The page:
Andria

A NEW WORLD Holiday celebrations might look different this year, but the celebrating will still happen. Thank goodness for Zoom! (Illustration: behance.net/runamokstudios)

What are y’all doing for the holidays? In a normal year, this is the time of year when everyone is asking that question. And in a normal year, most of us have a quick response about tradition and maybe travel.

But this is 2020, and this is not a normal year.

What do we do when our holiday traditions involve family and friends sharing spaces – maybe even sleeping under the same roof? Do we wear masks and get together anyway? Or do we ditch the usual and make altogether different plans? Are we starting new traditions, or is this just an off year?

For Jewish families celebrating Rosh Hashana and Yom Kippur this fall, traditions have already had to be bunked. No big Rosh Hashana dinners or luncheons, with everyone taking apple slices from the same tray and dipping them in a pretty pot of honey (apples and honey being the traditional food to wish each other a sweet year).

Our usual dinner for 15 (or so) got replaced by a small dinner for five by the pool. Everyone had their own apples and honey, and their own lidded container of dinner – brisket, green beans, challah. We put a pumpkin in the middle of the table and tied raffia around paper napkins and plastic utensils, and the weather was beautiful. My mom didn’t even mind that we didn’t use “real plates.”

Barbara Burgower Hordern’s family made the most of the casual twist. “We did a live-stream Rosh Hashana with Central Synagogue in New York,” she says. “The music was extraordinary. And because it was in New York, we started at 5 and were finished by 6:30. Then we feasted on take-out seafood, kindly delivered by my Catholic husband.”

Barbara, her sister and her nephew watched the New York service via Facebook Watch on Barbara’s 50-inch television. She says the bonus was that “no one shushed us when we had sidebar conversations, and no one stared when we got up to use the bathroom. It didn’t make up for the missing congregation, but we did get to be together.”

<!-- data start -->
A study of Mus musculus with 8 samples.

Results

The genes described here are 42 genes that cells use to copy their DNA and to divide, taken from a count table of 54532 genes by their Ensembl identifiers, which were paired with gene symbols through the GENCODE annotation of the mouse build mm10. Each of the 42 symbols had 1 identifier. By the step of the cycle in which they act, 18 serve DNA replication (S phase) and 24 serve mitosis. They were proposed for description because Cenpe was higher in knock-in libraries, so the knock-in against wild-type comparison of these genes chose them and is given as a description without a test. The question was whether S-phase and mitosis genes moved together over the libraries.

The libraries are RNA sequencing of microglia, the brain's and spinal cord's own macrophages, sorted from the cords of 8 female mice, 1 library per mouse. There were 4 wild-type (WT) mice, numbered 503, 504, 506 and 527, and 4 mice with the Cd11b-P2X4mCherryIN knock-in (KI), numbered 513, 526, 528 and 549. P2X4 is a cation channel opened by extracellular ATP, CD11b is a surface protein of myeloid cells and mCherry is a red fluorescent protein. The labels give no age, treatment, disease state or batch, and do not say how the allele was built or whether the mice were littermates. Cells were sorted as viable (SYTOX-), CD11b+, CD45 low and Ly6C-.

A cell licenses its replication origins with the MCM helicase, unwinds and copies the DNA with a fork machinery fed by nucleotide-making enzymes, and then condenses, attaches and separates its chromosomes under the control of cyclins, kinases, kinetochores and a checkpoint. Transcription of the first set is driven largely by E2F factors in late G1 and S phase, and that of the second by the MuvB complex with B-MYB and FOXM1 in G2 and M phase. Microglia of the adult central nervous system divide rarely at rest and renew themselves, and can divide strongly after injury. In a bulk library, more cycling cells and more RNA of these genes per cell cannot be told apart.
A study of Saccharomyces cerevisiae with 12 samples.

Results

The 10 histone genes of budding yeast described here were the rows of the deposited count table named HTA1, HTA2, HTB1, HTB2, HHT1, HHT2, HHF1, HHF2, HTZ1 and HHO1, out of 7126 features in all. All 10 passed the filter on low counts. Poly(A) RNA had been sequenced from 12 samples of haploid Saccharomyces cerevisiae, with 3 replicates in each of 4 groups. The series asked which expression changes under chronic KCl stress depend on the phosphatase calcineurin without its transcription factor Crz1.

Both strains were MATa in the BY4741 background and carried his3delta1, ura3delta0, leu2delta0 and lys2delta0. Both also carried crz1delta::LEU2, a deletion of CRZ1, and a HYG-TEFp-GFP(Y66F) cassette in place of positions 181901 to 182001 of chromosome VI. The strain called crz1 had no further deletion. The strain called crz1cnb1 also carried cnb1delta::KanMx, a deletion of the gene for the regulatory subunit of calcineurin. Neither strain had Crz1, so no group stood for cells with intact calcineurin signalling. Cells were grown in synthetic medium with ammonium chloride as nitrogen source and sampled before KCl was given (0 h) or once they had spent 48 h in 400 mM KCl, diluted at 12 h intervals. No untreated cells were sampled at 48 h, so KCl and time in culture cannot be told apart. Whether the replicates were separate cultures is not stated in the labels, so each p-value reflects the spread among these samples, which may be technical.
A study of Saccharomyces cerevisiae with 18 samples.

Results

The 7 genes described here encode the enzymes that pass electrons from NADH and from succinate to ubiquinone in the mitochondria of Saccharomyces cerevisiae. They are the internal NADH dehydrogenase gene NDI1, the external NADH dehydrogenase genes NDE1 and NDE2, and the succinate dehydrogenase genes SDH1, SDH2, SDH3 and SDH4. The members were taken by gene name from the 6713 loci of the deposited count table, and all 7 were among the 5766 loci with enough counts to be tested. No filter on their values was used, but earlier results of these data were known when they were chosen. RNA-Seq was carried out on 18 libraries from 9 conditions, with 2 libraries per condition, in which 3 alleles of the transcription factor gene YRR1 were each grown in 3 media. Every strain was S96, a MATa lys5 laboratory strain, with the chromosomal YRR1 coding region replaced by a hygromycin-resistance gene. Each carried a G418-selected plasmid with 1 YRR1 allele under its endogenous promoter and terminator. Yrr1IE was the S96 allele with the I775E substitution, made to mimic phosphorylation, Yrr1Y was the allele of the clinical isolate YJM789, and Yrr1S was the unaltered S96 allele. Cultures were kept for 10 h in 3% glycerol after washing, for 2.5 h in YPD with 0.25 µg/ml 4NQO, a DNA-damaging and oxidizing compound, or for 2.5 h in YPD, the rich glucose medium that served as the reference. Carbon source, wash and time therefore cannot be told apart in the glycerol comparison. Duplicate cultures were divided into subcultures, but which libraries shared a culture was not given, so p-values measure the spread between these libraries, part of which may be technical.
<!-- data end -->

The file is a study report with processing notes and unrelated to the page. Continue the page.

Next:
People are also getting creative for the upcoming holidays. “We decided to book a trip to a somewhat remote location,” Leslie Wade says of her family of five. They plan to go to Yellowstone and Grand Teton national parks.

“I realized that in the winter, the parks have a fraction of the visitors, and the only way in is by snow coach, snowmobile or on snowshoes or cross-country skis. We are staying in a log cabin on a ranch near the West Entrance of Yellowstone.” They hope to go snowmobiling, snowshoeing, cross-country skiing and dog-sledding. “A lot of bucket-list items with social distancing built in,” Leslie says. 

“I’m not sure if this trip will happen, but just planning it and the joy of anticipation has been a nice change of pace from virtual school!”

Another family with four boys at home is taking the year off. “Our immediate family is together because everyone is virtual schooling and working,” the mom says. “I have decided to get a medical procedure I have been putting off for years, and the boys can hunt, watch football and relax – and take care of their momma.” Thanksgiving dinner will be from Central Market or Whole Foods.

A busy community volunteer and mother of three says, “I’m looking forward to using Covid as an excuse to not spend time with all the extended family and boring company parties.” (Obviously, she asked to be anonymous.) “Holidays have become so crazy in past years, with too many things to do and no time to enjoy your close friends. I, for one, am glad to re-evaluate my holiday blessing and traditions, and stay home, bake cookies, play hide-and-seek at the tree farm and decorate the tree with homemade needlepoint.”

Others are hanging on to tradition. Susan Zeller, who has three married children and eight grandchildren, says, “We are totally cheating and taking some chances going to San Antonio” to see the children and grandchildren. “I know we are doing some things that perhaps are a gamble, but I need my family. In total contradiction to this, I am the one who has not gone out to a restaurant. Go figure.”

Back to the question: Are we starting new traditions or just navigating a strange year? I guess we’ll have to see how much we miss the usual festivities. And how much we just might enjoy the detour.